Up to now a digital mailbox solution featured a web site, managed by the digital mailbox vendor, where consumers would receive all their bills and communications from organizations with whom they do business. In some models, unsolicited advertising might also be delivered to digital mailboxes, segmented into separate folders from the transactional documents.

Two of the major players in this business in the USA have recently backed out. Both Zumbox and Manilla have concluded there is insufficient interest from consumers and mailers at this time to sustain continued operations.

Another digital mailbox entity planned for the US market was Volly, from Pitney Bowes. If anyone was going to succeed in widespread adoption of digital mailboxes, I thought Pitney Bowes had the best chance. But Volly had its own difficulties, announcing and then missing multiple launch dates in the USA over the last couple of years as they strove to build up volume. Eventually, a version of Volly was implemented at Australia Post - but there have been no recent announcements about renewing plans in the USA. When we didn't hear from Pitney Bowes after two of their competitors closed up shop, it seemed there must be something in the works.

A different approach this time
As it turns out, there was some development underway over at Pitney Bowes. The result of this development is the recently announced Inlet - a joint venture between Pitney Bowes and Broadridge, a premier distributor of investor communications and a longtime supporter of Volly. I had an opportunity to meet with executives from Pitney Bowes and Inlet to learn how this new offering is NOT another digital mailbox system as we've come to know them. It's more of an enabling technology connecting document distributors with presentation portals - all in the background.

I'm glad to see this change in thinking. Replacing a simple and familiar bill delivery system that works pretty well (the US Postal Service) with something new requiring consumer behavioral change wasn't catching on. Four out of five consumers in the USA still prefer to receive at least some of their bills and other transactional documents on paper. The digital mailbox offerings in the marketplace just didn't provide enough benefit to convince those people to embrace these paperless alternatives.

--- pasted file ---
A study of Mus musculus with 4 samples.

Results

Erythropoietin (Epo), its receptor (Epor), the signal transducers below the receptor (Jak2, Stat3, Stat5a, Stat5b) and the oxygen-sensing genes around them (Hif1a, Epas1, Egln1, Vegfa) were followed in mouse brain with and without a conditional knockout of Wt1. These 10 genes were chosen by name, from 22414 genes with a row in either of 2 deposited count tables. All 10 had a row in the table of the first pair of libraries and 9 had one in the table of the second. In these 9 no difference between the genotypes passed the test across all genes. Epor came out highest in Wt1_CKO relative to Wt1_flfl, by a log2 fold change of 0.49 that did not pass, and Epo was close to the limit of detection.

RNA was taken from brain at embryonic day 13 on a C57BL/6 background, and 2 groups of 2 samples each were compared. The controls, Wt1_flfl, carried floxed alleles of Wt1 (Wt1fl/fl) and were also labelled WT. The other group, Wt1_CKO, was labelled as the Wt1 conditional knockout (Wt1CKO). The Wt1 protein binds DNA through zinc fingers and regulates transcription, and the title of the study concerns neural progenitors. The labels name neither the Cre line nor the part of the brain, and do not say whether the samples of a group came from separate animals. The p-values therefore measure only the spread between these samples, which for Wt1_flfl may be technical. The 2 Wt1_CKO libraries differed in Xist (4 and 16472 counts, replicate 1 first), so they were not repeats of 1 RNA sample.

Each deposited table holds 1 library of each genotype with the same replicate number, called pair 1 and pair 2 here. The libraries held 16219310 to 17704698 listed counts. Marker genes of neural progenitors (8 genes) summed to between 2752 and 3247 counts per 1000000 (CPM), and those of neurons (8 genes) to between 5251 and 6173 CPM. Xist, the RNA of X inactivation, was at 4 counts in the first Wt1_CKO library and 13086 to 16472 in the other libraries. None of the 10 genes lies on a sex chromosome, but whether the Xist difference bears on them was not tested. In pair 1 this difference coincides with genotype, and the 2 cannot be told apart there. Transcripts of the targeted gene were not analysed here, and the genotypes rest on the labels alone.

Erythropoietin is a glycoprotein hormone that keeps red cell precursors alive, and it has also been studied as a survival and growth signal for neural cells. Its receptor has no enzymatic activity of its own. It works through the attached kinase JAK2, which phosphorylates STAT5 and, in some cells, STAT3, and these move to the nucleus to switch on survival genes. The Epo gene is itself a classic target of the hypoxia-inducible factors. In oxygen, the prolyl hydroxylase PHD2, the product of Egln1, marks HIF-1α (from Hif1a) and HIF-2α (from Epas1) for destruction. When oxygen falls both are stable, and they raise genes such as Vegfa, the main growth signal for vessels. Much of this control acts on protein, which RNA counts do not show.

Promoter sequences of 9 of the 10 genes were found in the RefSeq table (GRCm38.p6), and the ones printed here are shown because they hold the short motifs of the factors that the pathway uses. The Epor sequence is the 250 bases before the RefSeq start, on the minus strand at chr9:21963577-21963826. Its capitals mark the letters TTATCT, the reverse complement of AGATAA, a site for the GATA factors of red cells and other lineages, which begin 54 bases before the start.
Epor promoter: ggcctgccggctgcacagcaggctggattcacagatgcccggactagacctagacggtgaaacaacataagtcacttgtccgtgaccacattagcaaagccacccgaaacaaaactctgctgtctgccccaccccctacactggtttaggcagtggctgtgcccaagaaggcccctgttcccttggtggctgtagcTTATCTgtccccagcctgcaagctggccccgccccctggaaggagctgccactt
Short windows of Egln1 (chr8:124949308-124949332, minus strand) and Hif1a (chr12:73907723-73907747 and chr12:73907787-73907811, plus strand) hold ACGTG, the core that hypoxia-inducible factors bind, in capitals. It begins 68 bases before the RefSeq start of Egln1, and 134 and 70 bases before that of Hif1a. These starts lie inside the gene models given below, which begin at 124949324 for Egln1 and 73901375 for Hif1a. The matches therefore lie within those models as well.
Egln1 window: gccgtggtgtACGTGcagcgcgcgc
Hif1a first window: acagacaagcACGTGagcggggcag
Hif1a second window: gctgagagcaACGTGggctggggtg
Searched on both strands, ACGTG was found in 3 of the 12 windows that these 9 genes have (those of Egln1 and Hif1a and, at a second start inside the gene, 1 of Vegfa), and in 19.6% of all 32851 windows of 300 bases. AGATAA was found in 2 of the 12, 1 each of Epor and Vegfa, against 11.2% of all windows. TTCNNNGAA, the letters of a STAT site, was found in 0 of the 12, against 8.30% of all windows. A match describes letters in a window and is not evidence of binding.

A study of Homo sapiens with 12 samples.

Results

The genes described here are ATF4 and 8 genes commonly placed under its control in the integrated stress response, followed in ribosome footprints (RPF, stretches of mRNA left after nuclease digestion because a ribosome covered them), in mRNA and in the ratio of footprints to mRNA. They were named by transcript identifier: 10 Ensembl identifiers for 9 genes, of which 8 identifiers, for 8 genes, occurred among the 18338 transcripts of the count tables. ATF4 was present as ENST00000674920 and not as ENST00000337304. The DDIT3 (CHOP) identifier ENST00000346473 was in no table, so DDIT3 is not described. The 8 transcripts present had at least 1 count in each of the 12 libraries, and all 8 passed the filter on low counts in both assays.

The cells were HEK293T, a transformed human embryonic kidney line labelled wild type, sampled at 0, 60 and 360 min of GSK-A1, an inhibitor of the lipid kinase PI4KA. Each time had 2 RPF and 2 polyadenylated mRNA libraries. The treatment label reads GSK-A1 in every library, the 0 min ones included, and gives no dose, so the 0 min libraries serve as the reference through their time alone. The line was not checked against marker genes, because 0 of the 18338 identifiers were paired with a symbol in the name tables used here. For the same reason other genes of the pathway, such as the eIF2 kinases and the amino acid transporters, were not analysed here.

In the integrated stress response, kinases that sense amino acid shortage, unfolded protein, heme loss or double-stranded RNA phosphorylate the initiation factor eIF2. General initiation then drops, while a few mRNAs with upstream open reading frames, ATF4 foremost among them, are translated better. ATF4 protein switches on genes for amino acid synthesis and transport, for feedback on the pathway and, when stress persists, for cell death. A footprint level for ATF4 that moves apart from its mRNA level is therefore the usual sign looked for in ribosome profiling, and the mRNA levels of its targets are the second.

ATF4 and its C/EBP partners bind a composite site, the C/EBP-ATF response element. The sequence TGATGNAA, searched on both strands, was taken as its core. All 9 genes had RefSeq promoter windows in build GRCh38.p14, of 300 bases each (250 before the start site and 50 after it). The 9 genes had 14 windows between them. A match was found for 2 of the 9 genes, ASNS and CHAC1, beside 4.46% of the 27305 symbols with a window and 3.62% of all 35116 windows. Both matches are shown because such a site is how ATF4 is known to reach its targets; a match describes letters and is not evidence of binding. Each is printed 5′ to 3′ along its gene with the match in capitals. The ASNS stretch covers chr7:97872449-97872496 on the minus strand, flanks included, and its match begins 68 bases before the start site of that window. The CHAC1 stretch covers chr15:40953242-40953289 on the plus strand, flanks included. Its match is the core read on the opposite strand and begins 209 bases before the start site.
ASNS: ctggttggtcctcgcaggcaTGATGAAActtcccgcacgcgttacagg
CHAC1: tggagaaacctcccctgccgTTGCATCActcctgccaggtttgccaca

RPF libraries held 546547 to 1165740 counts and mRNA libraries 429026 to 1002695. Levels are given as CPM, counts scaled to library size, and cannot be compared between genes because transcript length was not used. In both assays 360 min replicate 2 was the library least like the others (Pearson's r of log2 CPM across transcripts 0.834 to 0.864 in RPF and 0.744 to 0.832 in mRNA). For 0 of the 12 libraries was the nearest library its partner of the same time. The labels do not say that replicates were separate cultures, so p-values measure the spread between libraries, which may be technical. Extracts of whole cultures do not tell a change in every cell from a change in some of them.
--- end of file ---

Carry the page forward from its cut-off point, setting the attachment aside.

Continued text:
The Inlet approach abandons the idea that digital mail service must include consolidation within a proprietary mailbox system. Instead of prying consumers away from an established trusted entity, Inlet will deliver the proper content to the bill-pay or file-storage provider chosen by a consumer. For many consumers in the US, their bank's bill-payer application probably fills the role of a mail consolidation site today.

Portals signed up on Inlet will be able to accept and present content directly from any Inlet-enabled biller or document service provider. The billers and service providers generating the documents will have a single interface to incorporate into their workflows, regardless of the final delivery destination for each document. Inlet keeps track of individual customer delivery preferences instead of requiring this information to be gathered and managed by each individual mailer.

Time will tell
Inlet has already signed up some partners who will help supply content. The new company has forged a connection with some financial institutions who could be some of the first document portals powered by the new system. Of course it will take a while for these partners to get up to speed and actually start serving real live consumers. However, the influence and resources of Broadridge and Pitney Bowes, along with the background approach taken by this new venture might be the best chance for a near-term shift in paperless adoption by consumers.

Will we start seeing "Inlet Inside" as the standard for digital mail delivery? Will other similar solutions come to market? It's going to take a while to find out. We'll keep an eye open as Inlet and other digital delivery strategies develop. Stay tuned!

Mike Porter is President of Print/Mail Consultants, an independent consulting firm helping companies nationwide be more productive, adapt to changing requirements, and lower costs in their document operations. Connect with Mike directly at Or visit and sign up for Practical Stuff - the free newsletter for document operations professionals.